Close allies in cutting-edge research
Japan’s reputation as a research location is extremely high and the country has been a strong and reliable partner of the Max Planck Society for many years. Bilateral collaborations have stabilized at a high level and will be expanded further through joint basic research initiatives, such as founding Max Planck Centres and putting support measures in place for early career researchers.
Japan is among the biggest investors in research and development anywhere in the world: in terms of GDP, the country is ranked third behind the USA and China. Under a collaboration agreement, the Max Planck Society maintains particularly close relations with RIKEN, the leading Japanese research institution, which was founded in 1917 and modelled on the former Kaiser Wilhelm Society, the forerunner of the Max Planck Society.
Collaboration with RIKEN
For over 30 years, the Max Planck Society and RIKEN, Japan’s leading research institution, have maintained cordial relations under a collaboration agreement. The agreement, which was concluded in 1984, was renewed in 2010 by the then Presidents Peter Gruss and Ryōji Noyori, who, in doing so, reinforced the successful and trusting relationship between the two organizations, whose collaboration is specifically focused on research areas of strategic importance.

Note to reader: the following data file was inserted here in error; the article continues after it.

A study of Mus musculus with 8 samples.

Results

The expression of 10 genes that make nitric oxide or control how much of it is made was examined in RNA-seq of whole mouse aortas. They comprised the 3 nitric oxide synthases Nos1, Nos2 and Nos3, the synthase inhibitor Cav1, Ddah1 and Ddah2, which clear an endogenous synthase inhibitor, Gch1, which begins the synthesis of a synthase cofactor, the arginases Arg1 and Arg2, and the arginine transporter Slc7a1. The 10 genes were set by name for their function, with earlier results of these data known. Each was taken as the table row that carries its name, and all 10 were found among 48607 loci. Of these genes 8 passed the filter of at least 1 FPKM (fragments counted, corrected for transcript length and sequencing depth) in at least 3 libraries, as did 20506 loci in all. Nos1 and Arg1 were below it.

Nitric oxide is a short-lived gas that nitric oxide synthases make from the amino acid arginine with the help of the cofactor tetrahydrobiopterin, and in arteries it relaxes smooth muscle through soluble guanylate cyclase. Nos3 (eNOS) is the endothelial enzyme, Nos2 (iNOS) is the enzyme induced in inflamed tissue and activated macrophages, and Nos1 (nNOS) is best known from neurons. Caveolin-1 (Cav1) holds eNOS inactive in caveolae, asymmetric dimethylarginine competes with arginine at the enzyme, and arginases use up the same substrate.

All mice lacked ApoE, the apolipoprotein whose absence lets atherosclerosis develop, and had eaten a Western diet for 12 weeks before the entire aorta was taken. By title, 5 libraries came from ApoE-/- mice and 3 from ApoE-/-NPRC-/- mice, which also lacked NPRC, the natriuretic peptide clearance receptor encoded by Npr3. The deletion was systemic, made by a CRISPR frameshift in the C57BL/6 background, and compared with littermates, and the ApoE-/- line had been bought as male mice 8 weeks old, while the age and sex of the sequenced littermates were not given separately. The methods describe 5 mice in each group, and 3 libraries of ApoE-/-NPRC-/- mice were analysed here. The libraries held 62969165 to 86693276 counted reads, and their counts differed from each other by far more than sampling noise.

The opening ceremony of RIKEN's 100th anniversary in Tokyo, which was attended by around 600 people. An address by RIKEN’s President Matsumoto, with the then Emperor and Empress on the right and four guests of honour (f.l.t.r.: MEXT Minister Matsuno, Minister for Special Missions Tsuruho, Max Planck President Martin Stratmann, Vice Chairman of the Japan Business Federation, Uchiyamada).
Three Max Planck Centers in Japan
The Max Planck-RIKEN Center for Systems Chemical Biology
The Max Planck-RIKEN Center for Systems Chemical Biology was founded in 2011 by Max Planck Directors Herbert Waldmann (Max Planck Institute of Molecular Physiology) and Peter Seeberger (Max Planck Institute of Colloids and Interfaces) as well as the two leading RIKEN researchers Hiroyuki Osada and Naoyuki Taniguchi (RIKEN-Advanced Science Institute, Antibiotic Lab).
The Max Planck-UBC-UTokyo Centre for Quantum Materials
In April 2019, the University of Tokyo joined the Max Planck-UBC-UTokyo Centre for Quantum Materials, which had originally been established in 2012 as a collaboration between the Max Planck Institute for Solid State Research Director Bernhard Keimer, and the University of British Columbia (Andrea Damascelli). The third partner, the University of Tokyo (Atsushi Fujimori), joined in February 2017.
The Max Planck-RIKEN-PTB Center for Time, Constants and Fundamental Symmetries
The Max Planck Society established its first center that includes not just a foreign partner, the Japanese research organization RIKEN, but also a German one, the Physikalisch-Technische-Bundesanstalt (PTB), in 2019, which is known as the Max Planck-RIKEN-PTB Center for Time, Constants and Fundamental Symmetries.
Collaboration with the University of Tokyo
Over the past several years, the Max Planck Society has been intensifying its collaboration with Japan’s leading universities, which are playing an increasingly important role in the Max Planck Institutes’ direct project collaborations. The Max Planck Society has had an agreement with the University of Tokyo since April 2019, which is focused specifically on reciprocal mobility and the recruitment of early career researchers. Agreements with other leading Japanese universities are currently being prepared.